The air space above Blackhawk Country Club in the village of Shorewood Hills will be filled with exploding, colorful bursts when the annual fireworks show begins on the evening of the July 4 holiday.
The ground display, however, won't be as large as in 2019, the last year in which a full show was held, due to the pandemic.
Just like other products, from televisions to automobiles, lumber to toilet paper and hot sauce to cream cheese, the availability and price of fireworks — in high demand at this time of the year — are affected by supply chain issues.
"We haven't been impacted too badly, but we have heard from our distributor that it will be an issue," said David Sykes, administrative services manager and deputy clerk for the village, bounded by University Avenue, Lake Mendota and UW-Madison. "We got our order in early, so we got nearly every thing we needed."
Fireworks have been a community tradition in Shorewood Hills since the 1950s, when they were launched on the grounds of its elementary school before moving in the late 1960s to the golf course. There were no fireworks of any kind in 2020 and only aerial displays in 2021, in an effort to reduce crowding, Sykes said.
The Shorewood Hills EMS and Fire Association buys the fireworks from Spielbauer Fireworks, a third-generation fireworks company in Green Bay. This year's cost for Shorewood Hills increased by about 15%, Sykes said, with some ground fireworks supplies unavailable.
"To date, we've received about 20-25% of what we should've gotten primarily from China," said Patrick Spielbauer, president of Spielbauer Fireworks. "We have inflation, so there's rising costs associated with everything; with raw materials, labor, shipping and insurance. But since COVID, the supply chain has been really disrupted and the shipping from China has been trickling over."
According to the American Pyrotechnics Association, consumers will spend about $2.3 billion on fireworks this Fourth of July. Spending on fireworks has been increasing for over two decades.
In 2000, fireworks spending was about $610 million. That number grew to $952 million in 2010 and to nearly $1.4 billion in 2019. Spending grew to over $2.1 billion in 2020, even as many events were canceled. Consumers, however, increased their spending on fireworks by 90% over 2019 to $1.9 billion. In 2021, spending grew to nearly $2.5 billion, according to the APA.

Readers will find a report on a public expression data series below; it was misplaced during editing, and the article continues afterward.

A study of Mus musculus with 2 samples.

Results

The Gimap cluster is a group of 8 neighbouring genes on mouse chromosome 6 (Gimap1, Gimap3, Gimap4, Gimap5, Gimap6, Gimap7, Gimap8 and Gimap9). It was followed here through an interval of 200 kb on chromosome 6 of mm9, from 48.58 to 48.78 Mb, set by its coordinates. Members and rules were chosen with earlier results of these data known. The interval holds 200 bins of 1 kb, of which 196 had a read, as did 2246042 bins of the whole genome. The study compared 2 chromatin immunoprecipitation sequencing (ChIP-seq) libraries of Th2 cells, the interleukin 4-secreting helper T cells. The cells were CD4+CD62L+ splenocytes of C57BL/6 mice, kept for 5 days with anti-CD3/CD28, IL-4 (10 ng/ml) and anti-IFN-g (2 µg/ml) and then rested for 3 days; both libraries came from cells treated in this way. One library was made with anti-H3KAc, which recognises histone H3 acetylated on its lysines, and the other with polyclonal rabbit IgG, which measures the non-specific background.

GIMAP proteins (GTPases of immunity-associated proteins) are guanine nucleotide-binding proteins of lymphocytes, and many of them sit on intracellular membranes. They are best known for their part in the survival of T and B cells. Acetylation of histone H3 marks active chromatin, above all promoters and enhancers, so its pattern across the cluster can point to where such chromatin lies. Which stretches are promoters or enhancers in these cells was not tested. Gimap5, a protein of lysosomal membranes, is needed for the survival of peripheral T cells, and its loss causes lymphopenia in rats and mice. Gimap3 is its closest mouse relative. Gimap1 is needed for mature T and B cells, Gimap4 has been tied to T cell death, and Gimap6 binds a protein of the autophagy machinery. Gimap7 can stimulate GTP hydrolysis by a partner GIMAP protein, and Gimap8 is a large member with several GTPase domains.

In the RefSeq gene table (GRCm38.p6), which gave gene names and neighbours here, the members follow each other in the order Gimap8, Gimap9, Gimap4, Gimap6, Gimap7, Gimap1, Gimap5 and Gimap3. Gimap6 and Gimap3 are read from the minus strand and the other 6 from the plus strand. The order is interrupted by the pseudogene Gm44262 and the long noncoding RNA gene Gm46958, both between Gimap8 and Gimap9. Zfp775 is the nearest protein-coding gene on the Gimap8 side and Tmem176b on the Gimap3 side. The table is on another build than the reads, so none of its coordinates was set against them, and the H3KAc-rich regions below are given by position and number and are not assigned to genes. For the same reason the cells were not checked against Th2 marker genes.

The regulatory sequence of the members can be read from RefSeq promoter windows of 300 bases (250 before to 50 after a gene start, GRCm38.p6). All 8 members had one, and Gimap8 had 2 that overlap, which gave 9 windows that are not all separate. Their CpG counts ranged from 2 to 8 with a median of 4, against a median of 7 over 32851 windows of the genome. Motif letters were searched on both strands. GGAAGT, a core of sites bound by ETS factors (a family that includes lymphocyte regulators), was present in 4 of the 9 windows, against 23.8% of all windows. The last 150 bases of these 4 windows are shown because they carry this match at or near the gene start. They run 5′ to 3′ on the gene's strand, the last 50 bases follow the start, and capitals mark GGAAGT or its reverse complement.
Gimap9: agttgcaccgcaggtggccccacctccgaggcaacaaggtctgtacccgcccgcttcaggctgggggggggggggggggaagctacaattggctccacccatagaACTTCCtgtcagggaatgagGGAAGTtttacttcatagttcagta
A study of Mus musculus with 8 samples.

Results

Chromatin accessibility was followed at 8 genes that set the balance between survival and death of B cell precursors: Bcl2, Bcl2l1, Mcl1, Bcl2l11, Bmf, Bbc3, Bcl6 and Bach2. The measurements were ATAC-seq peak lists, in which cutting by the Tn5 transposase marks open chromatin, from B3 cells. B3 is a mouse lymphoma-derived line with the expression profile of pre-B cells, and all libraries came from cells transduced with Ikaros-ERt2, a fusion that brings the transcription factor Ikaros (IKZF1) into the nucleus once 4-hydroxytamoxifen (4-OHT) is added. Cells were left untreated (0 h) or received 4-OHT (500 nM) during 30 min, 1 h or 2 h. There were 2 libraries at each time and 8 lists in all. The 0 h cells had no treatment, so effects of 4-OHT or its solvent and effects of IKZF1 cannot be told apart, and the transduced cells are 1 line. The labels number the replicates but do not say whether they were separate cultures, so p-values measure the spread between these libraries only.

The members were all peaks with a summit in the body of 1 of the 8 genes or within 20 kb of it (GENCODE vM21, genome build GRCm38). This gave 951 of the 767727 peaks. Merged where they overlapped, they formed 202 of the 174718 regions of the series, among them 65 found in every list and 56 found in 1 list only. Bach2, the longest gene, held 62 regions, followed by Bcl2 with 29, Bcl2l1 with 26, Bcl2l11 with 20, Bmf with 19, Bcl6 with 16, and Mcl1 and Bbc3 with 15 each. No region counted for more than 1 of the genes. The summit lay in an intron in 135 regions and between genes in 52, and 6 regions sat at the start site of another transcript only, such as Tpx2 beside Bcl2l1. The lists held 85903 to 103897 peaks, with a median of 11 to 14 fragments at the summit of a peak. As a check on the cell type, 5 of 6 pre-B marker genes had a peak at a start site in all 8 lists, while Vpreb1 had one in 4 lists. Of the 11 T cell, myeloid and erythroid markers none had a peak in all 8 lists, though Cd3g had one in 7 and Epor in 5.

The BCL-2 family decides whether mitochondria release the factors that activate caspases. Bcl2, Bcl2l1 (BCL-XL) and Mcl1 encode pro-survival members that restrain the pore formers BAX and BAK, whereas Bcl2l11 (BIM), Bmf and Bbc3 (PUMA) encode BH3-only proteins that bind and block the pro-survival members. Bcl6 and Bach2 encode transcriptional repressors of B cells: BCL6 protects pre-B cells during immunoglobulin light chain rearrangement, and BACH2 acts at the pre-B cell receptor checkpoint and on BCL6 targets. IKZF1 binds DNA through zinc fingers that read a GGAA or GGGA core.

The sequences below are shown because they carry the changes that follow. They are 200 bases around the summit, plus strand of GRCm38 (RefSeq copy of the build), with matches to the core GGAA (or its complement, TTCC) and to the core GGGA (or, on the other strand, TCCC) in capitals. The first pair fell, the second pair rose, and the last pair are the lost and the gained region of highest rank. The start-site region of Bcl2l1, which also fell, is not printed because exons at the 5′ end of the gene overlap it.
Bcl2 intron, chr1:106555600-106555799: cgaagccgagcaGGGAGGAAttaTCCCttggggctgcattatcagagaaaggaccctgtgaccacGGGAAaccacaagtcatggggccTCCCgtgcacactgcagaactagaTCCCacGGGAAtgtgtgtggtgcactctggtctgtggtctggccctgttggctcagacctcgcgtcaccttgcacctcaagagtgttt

When it comes to the big displays, Spielbauer said the typical price he pays is about $13,000. But, this year, that cost has risen to $50,000.
"We're fighting the rising costs, which means we don't get enough of each dollar," Spielbauer said. "We are fighting supply chain issues, which means we're not going to have the variety that we normally have."
Overall, costs are up 35% across the fireworks industry, although the APA estimates more than 16,000 fireworks displays will be produced this Fourth of July.
One of the largest in southern Wisconsin is the Festival Foods Lights the Isthmus Independence Day fireworks show at Breese Stevens Field on July 2.
The second annual fireworks show is a ticketed event featuring local bands, food, beverages and a fireworks display launched from the Brearly Street end zone, behind the stage, at the landmark stadium on the 900 block of East Washington Avenue. But instead of cutting back, Tristan Straub, general manager of Big Top Events, which is hosting the event, said they are doubling the number of explosions for this year's 20-minute show.
"We’ve just more or less found a away," Straub said. "We needed to do it a little bit bigger."
In Lake Mills, the Fourth of July fireworks show on the city's east side is paid for through community donations. John Black, who owns a downtown jewelry store in the Jefferson County city and helps organize the show, said working early with their longtime vendor, Five Star Fireworks in Oconomowoc, means that those viewing the event won't notice a difference. However, the cost for this year's show has increased by about 15%.
That's essentially the same story for Fire on the River, a longtime fireworks show that will be shot off July 2 over the Wisconsin River in Sauk City.
"There was an uptick, but we thought it was a reasonable uptick," Paul Fiscus, who helps organize the longtime event, said of the price increase. "You just sharpen your pencil and hope for more sponsorships."
The Associated Press contributed to this report.